Education vs. unemployment in Norway

Despite Norway’s free education for all, many jobs requiring higher education or specialized training remain available. Could Norwegian-American students fill the gap?

Photo: Nancy Bundt / Visitnorway.com Many fine schools, like the University of Oslo, wait for American students to take advantage of them.

Photo: Nancy Bundt / Visitnorway.com
Many fine schools, like the University of Oslo, wait for American students to take advantage of them.

Ryan Kristiansen
Off the coast of Norway

I work offshore. As anybody who works in the industry will tell you, a good portion of your time off-watch is spent either watching TV 2 Nyhetskanalen or surfing the internet. I shudder to think what Statoil and Shell pay to enable us to check for the latest updates on Facebook 100 nautical miles offshore, but I am grateful for it.

This evening I decided that rather than seeing my friends checking in while on holiday in Spain, or the much more annoying habit of posting photos of a meal they are about to devour, I would see what Statistics Norway (www.ssb.no) has to say about unemployment.

What prompted this rather more enlightening web browsing experience was a conversation I had last weekend while at a hytte on the coast near Larvik. A mutual friend was relating her experiences working for NAV, the Norwegian Labour and Welfare Administration. NAV is not simply a government department; it is also the subject of much scorn and has even become a verb. To nave means to go on unemployment insurance, and we were naturally quite interested if any of the stories we have heard in the press were true. For example, do young people actually show up at the window and expect to be given job seekers’ allowance? “Oh yes, but mostly they are students who want money for the summer holidays and are unaware that students are not entitled to collect benefits.” Chuckles ensued around the table. “Otherwise they are young people who show up in early June demanding a job, and they become most disappointed when we inform them that looking for work is their own responsibility, and that they should really start looking and applying for summer jobs in the early springtime.” More laughter.

Everyone who lives in Norway knows certain truths. Among these are that people who are born here are blessed to have been born in the best country on the planet, that Norway is among the richest countries in the world, and that we have low unemployment, meaning that jobs are plentiful. So it follows that people’s expectations are that if someone is unemployed for an extended period of time, they must be just lazy. Taking advantage of the welfare state is seen as especially despicable, because it is so generous and comprehensive, and those who are thought to abuse the system are seen to be much like the social parasites of the former Soviet Union.

One of our group asked what we were all thinking: “These people who stay at home must get so bored. Why don’t they just get a job at the supermarket?” The reply was surprising: “There was recently a job opening for a part-time cashier job at Bunnpris (a supermarket chain), and they had over 800 applications for that opening.”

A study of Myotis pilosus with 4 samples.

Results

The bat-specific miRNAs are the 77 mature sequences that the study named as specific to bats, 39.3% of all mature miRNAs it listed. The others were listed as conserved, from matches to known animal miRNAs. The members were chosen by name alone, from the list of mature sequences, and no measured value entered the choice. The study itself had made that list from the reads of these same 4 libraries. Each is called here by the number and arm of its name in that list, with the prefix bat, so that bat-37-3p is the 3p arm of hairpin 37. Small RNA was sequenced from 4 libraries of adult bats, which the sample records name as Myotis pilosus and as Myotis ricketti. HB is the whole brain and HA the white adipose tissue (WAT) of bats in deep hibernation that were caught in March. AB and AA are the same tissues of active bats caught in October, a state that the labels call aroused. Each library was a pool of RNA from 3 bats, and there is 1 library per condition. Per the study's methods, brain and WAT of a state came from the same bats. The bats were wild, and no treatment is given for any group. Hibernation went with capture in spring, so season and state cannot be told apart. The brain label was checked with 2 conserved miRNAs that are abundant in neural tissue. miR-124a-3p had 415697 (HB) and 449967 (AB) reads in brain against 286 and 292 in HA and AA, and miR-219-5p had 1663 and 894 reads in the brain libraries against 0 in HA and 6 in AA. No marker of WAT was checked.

This example was yet another reminder of a situation that is developing not just in Norway, but across the west. While there remains demand from employers for those with higher education and technical qualifications, people at the bottom of the social-economic pyramid are competing over jobs with little in the way of formal qualifications to separate them from the other candidates.

My visit to Statistics Norway allowed me to quantify the situation that is occurring in Norway now. The seasonally adjusted unemployment rate in May was 3.2 percent. The percentage of employed individuals with a Bachelor’s degree is around 25%.

Could the demand for employees with higher education be partially met by Norwegian Americans moving to Norway? As evidenced by the number of young Americans working at The Nighthawk Diner, I am not the first one to have thought about this. Higher education in Norway remains free for everyone, including Americans. The catch is that while Master-level degrees and PhDs are taught in English, Bachelor level programs are taught in Norwegian.

Perhaps it is time for the Sons of Norway to start marketing their language camps as a way to prepare future generations of Norwegian Americans for University in the home country, and for those who have already spent their own money on a Bachelor’s degree in the United States to investigate the possibility of studying in Norway for their Master’s.

This would not only allow Norwegian Americans a much more affordable path to higher education, it could also go some way toward meeting Norway’s own needs for technically qualified personnel.

If only Norway had an ancestry visa scheme similar to Ireland and the United Kingdom.

This article originally appeared in the Sept. 5, 2014 issue of the Norwegian American Weekly. To subscribe, visit SUBSCRIBE or call us at (800) 305-0271.